Plastics, Pesticides and Periods: Xenoestrogens and Health

Yes, there is a connection between hormonal balance and exposure to pesticides and certain plastics. That connection is xenoestrogens, an ever-expanding group of synthetic chemicals similar enough to our own estrogens that our bodies respond to them, but foreign enough that we cannot adequately get rid of them. They can build up in our bodies, stimulating estrogen-sensitive tissues and throwing off our delicate hormone balance. Xenoestrogens are linked to breast growth in prepubescent girls, gynecological concerns such as PMS, hot flashes, endometriosis and fibroids, and have clearly been shown to enhance the growth of breast cancer tumors. Studies also suggest that xenoestrogens decrease sperm counts in men, contribute to increased rates of testicular cancer and affect developing reproductive systems in utero. Thus, effective treatment & resolution of any of the above concerns must address this class of chemicals.

While scientists have been aware of the endocrine-disrupting effects of pesticides and plastics for more than 40 years, xenoestrogens have only begun to garner government and mainstream press attention recently, mostly thanks to the outcry over Bisphenol A. Banned in Canada in 2008 as an ingredient in baby bottles, it is still found in the linings of cans, in plastic water bottles and in dental enamel, among other places. Other xenoestrogens include a long list of pesticides as well as parabens (preservatives often found in personal care products), phthalates (used to soften plastics including medical tubing), PCBs, and heavy metals. Polyvinyl chloride (PVC) is categorized with the xenoestrogens both on its own account, and due to the chemicals it creates in manufacturing and breakdown. Similar to bleaching in the pulp and paper (and tampon!) industries, the manufacture and incineration of the PVC plastics produces dioxins, which are extremely potent endocrine disruptors. Nonylphenols – found in spermicides and as a breakdown product of conventional detergents – are also in this toxic family. Clearly then, xenoestrogens are pervasive in our environment. For more information on what these toxins are, where they are found, what the evidence is, and what you can do, see www.environmentaldefence.ca or www.ewg.org. If you are wondering why these toxins are still in widespread use, see epidemiologist Devra Davis’ in-depth exploration, “ The Secret History of the War on Cancer”.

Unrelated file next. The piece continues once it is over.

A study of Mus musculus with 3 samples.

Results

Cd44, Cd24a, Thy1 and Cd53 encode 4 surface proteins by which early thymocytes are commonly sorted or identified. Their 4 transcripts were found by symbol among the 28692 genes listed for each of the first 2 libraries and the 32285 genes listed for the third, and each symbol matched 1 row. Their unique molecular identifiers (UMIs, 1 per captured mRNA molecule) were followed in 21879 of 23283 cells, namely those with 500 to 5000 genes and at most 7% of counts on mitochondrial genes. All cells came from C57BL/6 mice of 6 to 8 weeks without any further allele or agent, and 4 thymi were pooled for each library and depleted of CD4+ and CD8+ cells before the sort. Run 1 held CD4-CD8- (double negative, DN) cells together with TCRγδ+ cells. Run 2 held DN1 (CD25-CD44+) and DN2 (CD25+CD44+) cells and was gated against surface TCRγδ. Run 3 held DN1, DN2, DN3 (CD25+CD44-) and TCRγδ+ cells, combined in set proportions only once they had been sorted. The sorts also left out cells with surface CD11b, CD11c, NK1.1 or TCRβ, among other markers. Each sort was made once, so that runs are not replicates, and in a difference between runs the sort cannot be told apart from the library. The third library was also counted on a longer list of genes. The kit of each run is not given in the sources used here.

The endocrine, or hormonal, system is a complex web. Operating like a symphony, each part contributes to the resonant whole. The addition of extra players who don’t know the score results in discord and disrupts the integrity of the entire work.

This kind of information can feel overwhelming. However there are many things you can do to decrease your personal exposure, in addition to advocating for regulatory change.

  1. Eat organic as much as possible, especially animal products, as xenoestrogens accumulate in the fat of those who eat them.
  2. Use all-natural cleaning products, or make your own.
  3. Read labels on personal care products to avoid parabens.
  4. Choose to eat a diet rich in phytoestrogens (natural estrogen-like plant compounds), such as those found in legumes and flax seeds.
  5. When buying toys for kids, choose wood and cloth over plastics.
  6. When buying sex toys, look for phthalate-free options.
  7. Avoid vinyl in clothing and building materials.
  8. Avoid storing food & drinks in plastic, never heat food in plastic, or covered in plastic.
  9. Use saunas regularly to move fat-soluble toxins out of your body.
  10. If you are planning to conceive, consider a comprehensive preconception detox to enhance fertility and decrease the toxic load you pass on to your baby.

For a hormone-balancing and detoxification plan geared to your personal health profile, please book an appointment with Dr Mahalia Freed.